Beyoncé, Lemonade, and the Things We Inherit

This one comes to us from Heather Strong Moore. What happens when one of the […]

Mockingbird / 5.12.16

This one comes to us from Heather Strong Moore.


What happens when one of the most successful and influential artists of our time experiences a deep and fairly public heartbreak? She takes those lemons and makes them into Lemonade. Beyoncé’s “visual album” was released on April 23rd and already it’s made history with every track appearing on the Top 100 charts. In her hour-long film that accompanies the majority of the tracks, she tells the story of a broken relationship and the process one goes through when one’s life falls apart.

This story appears to be about her 8-year marriage to Jay-Z and a possible affair that he pursued. This “power couple,” who are at the top of their game and who possess great popularity and acclaim, are telling us that they are flawed. They hurt each other and are both feeling that hurt. The Queen B is saying that she is like every other woman who has been wronged by a man. With remarkable honesty and transparency (especially for a couple that is typically very private) Beyoncé invites us to explore a shared story of wounded pasts and being prisoners of our histories. (Alyssa Wilkinson wrote a thorough and insightful piece on the composition and content for Christianity Today which I recommend for greater detail and viewer discretion guidelines.)

The film is a stunning and personally haunting work of art. Beyoncé includes a wide variety of women in the video and portrays herself as both broken and powerful. She uses her own vulnerability to elevate an important conversation about the way women, and particularly women of color, are treated and what we’ve been raised to expect as normal. She asks the question, what happens when you thought you had made it and then you’re just like the thing you were trying to avoid?


My daddy warned me about men like you
He said baby girl he’s playing you
He’s playing you
Cause when trouble comes in town
And men like me come around
Oh, my daddy said shoot
Oh, my daddy said shoot

There’s the implicit longing to be different, to be the exception. And the deeper heartbreak, not just of personal betrayal, but of falling prey to the thing that you’re supposed to know better to escape. The humiliation of vowing “never” and of experiencing “again.”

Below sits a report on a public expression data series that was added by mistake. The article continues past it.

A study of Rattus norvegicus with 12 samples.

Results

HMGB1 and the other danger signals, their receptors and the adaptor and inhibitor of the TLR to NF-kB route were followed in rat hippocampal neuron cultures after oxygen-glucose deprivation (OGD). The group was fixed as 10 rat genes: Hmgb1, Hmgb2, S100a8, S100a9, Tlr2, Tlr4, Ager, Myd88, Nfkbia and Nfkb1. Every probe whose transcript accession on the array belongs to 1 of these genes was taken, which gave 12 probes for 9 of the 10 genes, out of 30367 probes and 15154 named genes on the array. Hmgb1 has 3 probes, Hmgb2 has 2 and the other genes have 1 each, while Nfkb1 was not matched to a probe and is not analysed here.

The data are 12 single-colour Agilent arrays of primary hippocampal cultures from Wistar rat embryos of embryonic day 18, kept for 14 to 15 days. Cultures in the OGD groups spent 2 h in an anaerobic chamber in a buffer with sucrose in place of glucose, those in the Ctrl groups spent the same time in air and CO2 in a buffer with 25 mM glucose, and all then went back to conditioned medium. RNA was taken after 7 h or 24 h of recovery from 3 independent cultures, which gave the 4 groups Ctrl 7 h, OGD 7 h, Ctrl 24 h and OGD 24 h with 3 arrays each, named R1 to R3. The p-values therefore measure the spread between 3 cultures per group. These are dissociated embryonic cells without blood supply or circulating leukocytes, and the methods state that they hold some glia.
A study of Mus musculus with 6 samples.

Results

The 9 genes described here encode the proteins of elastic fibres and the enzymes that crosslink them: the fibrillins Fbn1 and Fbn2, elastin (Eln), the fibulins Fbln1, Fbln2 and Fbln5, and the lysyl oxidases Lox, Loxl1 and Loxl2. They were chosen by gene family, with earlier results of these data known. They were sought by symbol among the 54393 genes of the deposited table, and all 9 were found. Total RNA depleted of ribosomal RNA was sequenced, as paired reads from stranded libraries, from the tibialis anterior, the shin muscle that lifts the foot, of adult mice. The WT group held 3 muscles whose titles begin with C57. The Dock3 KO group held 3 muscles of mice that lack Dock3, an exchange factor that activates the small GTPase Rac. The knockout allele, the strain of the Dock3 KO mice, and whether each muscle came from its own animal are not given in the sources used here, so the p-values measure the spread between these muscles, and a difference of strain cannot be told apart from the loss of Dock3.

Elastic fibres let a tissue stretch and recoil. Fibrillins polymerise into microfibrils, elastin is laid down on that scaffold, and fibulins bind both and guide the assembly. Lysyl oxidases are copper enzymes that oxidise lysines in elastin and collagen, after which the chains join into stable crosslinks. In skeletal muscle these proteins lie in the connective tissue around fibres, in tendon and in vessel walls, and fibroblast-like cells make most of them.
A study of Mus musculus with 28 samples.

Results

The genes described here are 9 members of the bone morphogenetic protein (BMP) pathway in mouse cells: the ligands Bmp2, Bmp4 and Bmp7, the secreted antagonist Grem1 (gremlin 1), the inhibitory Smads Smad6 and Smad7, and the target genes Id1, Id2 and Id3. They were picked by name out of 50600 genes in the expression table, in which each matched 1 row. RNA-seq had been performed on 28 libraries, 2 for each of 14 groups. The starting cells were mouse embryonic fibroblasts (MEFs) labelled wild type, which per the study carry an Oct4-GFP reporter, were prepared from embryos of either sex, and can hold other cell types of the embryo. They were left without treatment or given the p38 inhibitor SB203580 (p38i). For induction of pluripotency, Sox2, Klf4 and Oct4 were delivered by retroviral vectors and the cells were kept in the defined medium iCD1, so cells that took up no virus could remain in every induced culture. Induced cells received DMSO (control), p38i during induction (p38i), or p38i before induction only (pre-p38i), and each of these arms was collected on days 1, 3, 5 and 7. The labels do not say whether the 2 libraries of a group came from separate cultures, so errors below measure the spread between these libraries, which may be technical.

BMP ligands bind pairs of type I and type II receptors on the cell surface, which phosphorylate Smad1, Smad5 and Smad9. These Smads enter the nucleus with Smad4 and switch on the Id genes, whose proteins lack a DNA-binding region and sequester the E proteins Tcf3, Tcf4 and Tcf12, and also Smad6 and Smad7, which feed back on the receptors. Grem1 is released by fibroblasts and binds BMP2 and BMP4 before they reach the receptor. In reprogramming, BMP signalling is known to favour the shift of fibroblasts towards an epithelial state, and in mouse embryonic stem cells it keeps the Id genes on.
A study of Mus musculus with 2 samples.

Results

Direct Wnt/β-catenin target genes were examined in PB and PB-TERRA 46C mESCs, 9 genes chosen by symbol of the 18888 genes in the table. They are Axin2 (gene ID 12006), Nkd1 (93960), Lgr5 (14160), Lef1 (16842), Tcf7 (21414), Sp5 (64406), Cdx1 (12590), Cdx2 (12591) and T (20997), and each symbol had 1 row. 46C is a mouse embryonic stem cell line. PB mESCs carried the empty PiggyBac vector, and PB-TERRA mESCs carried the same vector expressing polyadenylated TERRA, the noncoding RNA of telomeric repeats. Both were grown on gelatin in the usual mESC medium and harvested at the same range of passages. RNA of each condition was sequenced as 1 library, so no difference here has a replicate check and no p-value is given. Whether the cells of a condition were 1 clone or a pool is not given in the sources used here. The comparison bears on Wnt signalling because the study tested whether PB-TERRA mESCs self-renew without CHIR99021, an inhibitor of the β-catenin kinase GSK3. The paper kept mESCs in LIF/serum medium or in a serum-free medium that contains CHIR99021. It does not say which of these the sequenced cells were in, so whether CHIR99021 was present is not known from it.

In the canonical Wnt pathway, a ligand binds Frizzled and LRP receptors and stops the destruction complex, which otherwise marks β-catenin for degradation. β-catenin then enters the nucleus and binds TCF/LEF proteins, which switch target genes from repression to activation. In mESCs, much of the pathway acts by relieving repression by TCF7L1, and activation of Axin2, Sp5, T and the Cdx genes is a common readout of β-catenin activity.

In my own extended family I only have to go back three generations to find addiction, domestic violence, divorce and infidelity, depression, suicide and tragedy. Am I doomed to repeat the sins and heartache of my predecessors?

The good news is that Beyoncé and the rest of us are in very good company. God understands people who are trapped in generational sin and continues to use them in powerful ways. Abraham and Isaac both follow nearly identical paths of going to a foreign land (Gen. 12:10-20, Gen. 26:6-11), being afraid that they would be killed because their wives were beautiful, and passing Sarah and Rebekah off as their sisters in order to protect themselves. Both of these women were left vulnerable to marriage and adultery had not God himself intervened on their behalf. Then Jacob deceives his father and cheats his brother (Gen. 27), only to have his sons do the same to their brother (Gen. 37:12-36). David engages in adultery and murder to try to cover his tracks (2 Sam. 11), and the son of that relationship leads Israel down a path of disobedience that they would never fully turn back from through his promiscuity and sexual sin (1 Kings 11).


And yet those families are part of God’s story of redemption and each contributed in important ways to what God was doing in the world. Jesus becomes a part of that family history (Matt. 1) and takes on their patterns and scars. He doesn’t distance himself from them but chooses to identify with very flawed people in order to demonstrate the kind of fresh start, and the freedom, that He offers.

And that’s the place where Lemonade turns hopeful. Not in distancing and hiding from our pasts but in confronting them in order to find something new. In “All Night Long” she sees the healing in the pain

With every tear came redemption
And my torturer became a remedy

We don’t break the cycles of those who came before us by believing we’re better; we break them by confessing that we are the same. We are all cut from the same cloth of humanity, all capable of failure and betrayal and blindness.

We can share our experiences of deep pain and despair knowing that they are not what define us or indict us; that in fact those things can become our entry point into living more fearlessly and fully. We are joined by the same Spirit who raised Jesus Christ from the dead to breathe life into the scars and wounds that hold us prisoner. To experience a freedom that transcends history, circumstances, race, and gender, and invites all people into an eternal inheritance from our Heavenly Father.